Thankfully, day seven started a little later, so I was able to get a bit more sleep than the last few nights. After breakfast, we headed to the Augsburg Hauptbahnhof in order to catch our train to Munich. When looking at the list of incoming trains, I noticed that about half of them were running late. Most Americans think of the German train system as very precise and punctual, but in reality, there are cracks forming in Deutsche Bahn’s operations. Many Germans are very upset with how the train system is operating, and the German government is seriously looking into overhauling Deutsche Bahn’s operations. I find it interesting that the our perception is actually quite different than the reality, and I wonder how the German government’s efforts will fare in improving the train system.
The train ride was uneventful, and once in Munich, we headed towards the city center, Marienplatz. It immediately became apparent that this city is much bigger, and somewhat more touristy, than Augsburg and some of the other smaller cities. Even so, the Rathaus on Marienplatz was very beautiful, and the Glockenspiel was neat too. One noteworthy thing I saw on Marienplatz was a tent for a far-left, possibly Communist political party. Dr. Geßler noted yesterday that German politics was moving to the extremes in both directions, and it was interesting to see evidence of this in real life.
Once in Marienplatz, we began our walking tour of the city. Early on, the guide discussed the decision to rebuild the city as it was after its destruction in World War Two. I think that this was the right decision, because it gives the city a character that modern cities, like the ones in the US, simply do not have. All around, one is surrounded by German history and tradition. The market is kept traditional, the buildings are historical, and people wearing the classic Lederhosen and Dirndl abound. You could feel the German culture in the city, and that simply would not be possible if it had been built in a modern style.
Upon the conclusion of the tour, we had about four hours of free time in the city. I went with Maxi, a German student accompanying us, and some Americans to the Hofbräuhaus, because Anna, another German student who lives in Munich, said that we had to go there for the experience. Unfortunately, as a result of its fame, it is pretty touristy and expensive, but we all thought that the food was very good. I had Schweinshaxe, a traditional Bavarian pork dish, and it was excellent. Interestingly, Anna told me that it is acceptable to just eat the dish with your hands, so it was a messy meal, in contrast with most German meals, where a fork and knife are used to avoid a mess, such as at the pizza place earlier in the trip. As we paid, a cultural difference that I was unaware of before popped up. In the US, we usually pay and then leave some sort of tip after, but in Germany, you apparently just do some do some rounding while paying if you want to tip, such as saying, “Make it 17” if your meal cost 15 Euros. We Americans did it our way, confusing our waiter a little bit, but it was not a problem in the end.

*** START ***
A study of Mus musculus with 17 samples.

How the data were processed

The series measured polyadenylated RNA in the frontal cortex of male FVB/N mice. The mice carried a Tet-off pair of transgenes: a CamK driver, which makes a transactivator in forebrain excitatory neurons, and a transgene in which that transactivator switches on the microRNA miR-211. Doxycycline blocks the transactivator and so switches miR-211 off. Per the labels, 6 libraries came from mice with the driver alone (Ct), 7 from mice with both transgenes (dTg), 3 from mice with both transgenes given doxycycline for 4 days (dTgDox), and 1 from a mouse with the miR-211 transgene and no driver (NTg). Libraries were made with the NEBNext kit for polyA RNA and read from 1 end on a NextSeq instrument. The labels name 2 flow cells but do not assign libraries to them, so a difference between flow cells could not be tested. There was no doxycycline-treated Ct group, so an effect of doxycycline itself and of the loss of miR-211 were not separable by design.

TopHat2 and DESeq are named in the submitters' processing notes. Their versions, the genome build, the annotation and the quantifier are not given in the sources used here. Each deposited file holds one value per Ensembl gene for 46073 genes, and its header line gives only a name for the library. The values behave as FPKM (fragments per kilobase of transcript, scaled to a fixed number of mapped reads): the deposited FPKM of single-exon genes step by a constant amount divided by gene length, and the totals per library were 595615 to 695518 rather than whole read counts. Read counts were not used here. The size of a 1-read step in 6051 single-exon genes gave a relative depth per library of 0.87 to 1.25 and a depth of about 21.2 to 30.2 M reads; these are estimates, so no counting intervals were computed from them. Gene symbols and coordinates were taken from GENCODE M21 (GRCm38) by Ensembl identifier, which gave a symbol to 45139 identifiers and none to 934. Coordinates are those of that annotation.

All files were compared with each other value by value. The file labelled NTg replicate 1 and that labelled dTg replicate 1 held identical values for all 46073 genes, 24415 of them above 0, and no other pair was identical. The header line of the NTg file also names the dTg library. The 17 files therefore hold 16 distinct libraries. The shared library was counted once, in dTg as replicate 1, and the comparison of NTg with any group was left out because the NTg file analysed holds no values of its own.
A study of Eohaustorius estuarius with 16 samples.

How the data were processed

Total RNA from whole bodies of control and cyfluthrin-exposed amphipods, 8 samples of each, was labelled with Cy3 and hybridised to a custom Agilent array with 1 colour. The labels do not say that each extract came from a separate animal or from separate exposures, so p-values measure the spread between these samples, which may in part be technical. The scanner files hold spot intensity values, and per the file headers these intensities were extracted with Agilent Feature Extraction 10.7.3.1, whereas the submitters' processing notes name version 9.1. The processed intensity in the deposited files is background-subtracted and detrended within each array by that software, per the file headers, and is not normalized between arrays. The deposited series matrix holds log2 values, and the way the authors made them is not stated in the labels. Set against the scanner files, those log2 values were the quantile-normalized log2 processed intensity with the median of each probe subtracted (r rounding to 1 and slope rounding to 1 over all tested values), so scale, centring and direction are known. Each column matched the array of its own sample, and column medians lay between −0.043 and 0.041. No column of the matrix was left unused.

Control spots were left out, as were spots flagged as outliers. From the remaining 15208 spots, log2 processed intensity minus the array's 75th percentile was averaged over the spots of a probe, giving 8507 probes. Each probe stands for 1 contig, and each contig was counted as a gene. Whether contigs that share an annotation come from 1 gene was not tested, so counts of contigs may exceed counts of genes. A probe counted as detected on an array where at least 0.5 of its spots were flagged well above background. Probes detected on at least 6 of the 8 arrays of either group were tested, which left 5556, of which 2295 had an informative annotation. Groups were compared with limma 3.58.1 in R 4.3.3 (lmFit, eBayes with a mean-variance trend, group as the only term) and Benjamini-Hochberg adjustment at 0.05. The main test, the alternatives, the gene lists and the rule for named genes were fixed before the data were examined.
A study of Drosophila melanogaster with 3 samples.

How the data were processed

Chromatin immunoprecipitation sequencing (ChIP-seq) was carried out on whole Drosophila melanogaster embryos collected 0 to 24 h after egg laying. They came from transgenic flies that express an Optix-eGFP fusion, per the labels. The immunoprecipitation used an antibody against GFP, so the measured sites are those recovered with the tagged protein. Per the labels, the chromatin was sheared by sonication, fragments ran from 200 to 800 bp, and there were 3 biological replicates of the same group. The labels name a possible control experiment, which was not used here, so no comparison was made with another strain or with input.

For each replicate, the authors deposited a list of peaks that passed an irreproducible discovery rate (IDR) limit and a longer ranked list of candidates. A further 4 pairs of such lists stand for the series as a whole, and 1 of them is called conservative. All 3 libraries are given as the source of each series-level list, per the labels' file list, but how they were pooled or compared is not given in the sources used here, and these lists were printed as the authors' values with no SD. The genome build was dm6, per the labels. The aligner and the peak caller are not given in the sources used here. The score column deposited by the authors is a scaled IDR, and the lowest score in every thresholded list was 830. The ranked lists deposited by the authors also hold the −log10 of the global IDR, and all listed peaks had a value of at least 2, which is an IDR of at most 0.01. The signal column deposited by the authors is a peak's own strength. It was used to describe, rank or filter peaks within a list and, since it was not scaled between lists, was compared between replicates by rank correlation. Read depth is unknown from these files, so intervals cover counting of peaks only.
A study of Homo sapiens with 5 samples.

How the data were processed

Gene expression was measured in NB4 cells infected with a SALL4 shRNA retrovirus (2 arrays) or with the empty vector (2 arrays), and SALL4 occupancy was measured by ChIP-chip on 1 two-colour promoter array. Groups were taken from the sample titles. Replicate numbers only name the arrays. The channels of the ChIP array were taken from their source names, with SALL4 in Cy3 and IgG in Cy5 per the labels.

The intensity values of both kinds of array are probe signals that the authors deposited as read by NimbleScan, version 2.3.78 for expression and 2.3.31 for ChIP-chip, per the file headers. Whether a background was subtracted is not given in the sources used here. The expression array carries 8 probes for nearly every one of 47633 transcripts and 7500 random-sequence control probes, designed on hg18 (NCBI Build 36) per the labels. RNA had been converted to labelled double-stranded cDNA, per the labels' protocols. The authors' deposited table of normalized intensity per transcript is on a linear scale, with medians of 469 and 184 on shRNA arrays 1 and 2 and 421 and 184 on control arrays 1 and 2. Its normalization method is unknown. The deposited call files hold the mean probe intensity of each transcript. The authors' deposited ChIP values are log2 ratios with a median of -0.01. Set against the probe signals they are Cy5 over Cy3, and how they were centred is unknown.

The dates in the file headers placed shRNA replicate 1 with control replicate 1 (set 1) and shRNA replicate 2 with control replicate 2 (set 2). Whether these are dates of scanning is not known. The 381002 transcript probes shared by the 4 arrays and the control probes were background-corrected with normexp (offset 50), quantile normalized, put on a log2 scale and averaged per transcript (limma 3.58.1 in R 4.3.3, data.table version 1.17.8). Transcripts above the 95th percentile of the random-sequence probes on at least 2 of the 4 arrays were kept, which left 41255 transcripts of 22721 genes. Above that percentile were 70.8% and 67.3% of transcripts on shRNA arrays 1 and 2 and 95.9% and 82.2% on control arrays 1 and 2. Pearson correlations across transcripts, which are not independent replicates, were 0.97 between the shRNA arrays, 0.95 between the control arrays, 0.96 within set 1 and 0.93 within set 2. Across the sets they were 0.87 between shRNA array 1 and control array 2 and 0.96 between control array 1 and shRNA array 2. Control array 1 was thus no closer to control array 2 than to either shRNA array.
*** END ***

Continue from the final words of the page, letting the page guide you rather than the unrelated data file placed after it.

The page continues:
We split up after lunch, with Maxi taking a couple of us to the Eisbach to watch the surfers. I thought it was really cool that one can surf in the middle of a huge city, and the English garden in general gives Munich some beautiful and much-needed green space. We also walked along Maximilianstraße and saw some incredibly expensive cars and stores. This is the most overt evidence I have seen of the wealth of southern Germany, and I did not see anything like this in Berlin when I was there three years ago. After the Eisbach and Maximilianstraße, we headed up the 300 or so steps of the tower of St. Peter’s Church to see the city from above. The view was pretty amazing, as you could see virtually the whole city as well as the Alps in the distance. I noticed how sprawling Munich is compared to most other German cities. This stems from the unwritten law that no building should be higher than the towers of the cathedral, which are 100 meters tall, so the city has had to grow out rather than up. Despite the limitations of this unwritten law, I think that it preserves the city’s historical character and thus should stay in place.
After some unsuccessful souvenir shopping, we headed back to Marienplatz to reunite before dinner. Interestingly, we saw further evidence of the polarized political climate in Germany. A group of protestors, shielded by an immense number of policemen, were demonstrating against abortion, and a crowd outside the police wall jeered at them. The heightened police presence is an obvious indicator of the volatile nature of German politics right now, since they must have been expecting violence to break out. This, while quite similar to what goes on in the US, is not what I expected in Germany, and Maxi mentioned that he had not seen anything on this scale before in terms of the police presence. It is definitely a worrying sign for Germany.
For dinner, we had burgers and fries at Hans im Glück, a German burger chain. It was good, but I would rather eat food that I cannot get in the US. The restaurant, like the Riegele WirtsHaus from earlier in the trip, sported tree trunks as decorations, which gave the interior a unique ambiance and continued to show the German green thumb. Following dinner, we went back to the train station and caught our ride back to Augsburg, ending a fun but tiring day. Overall, I really liked Munich, largely because it is steeped in German culture, which I really love. There is still much to see and do there, so I can see myself potentially returning on the free day. I expect that tomorrow will be a heavy day at Dachau, but I feel ready for it, and I am interested to see this dark part of German history with my own eyes.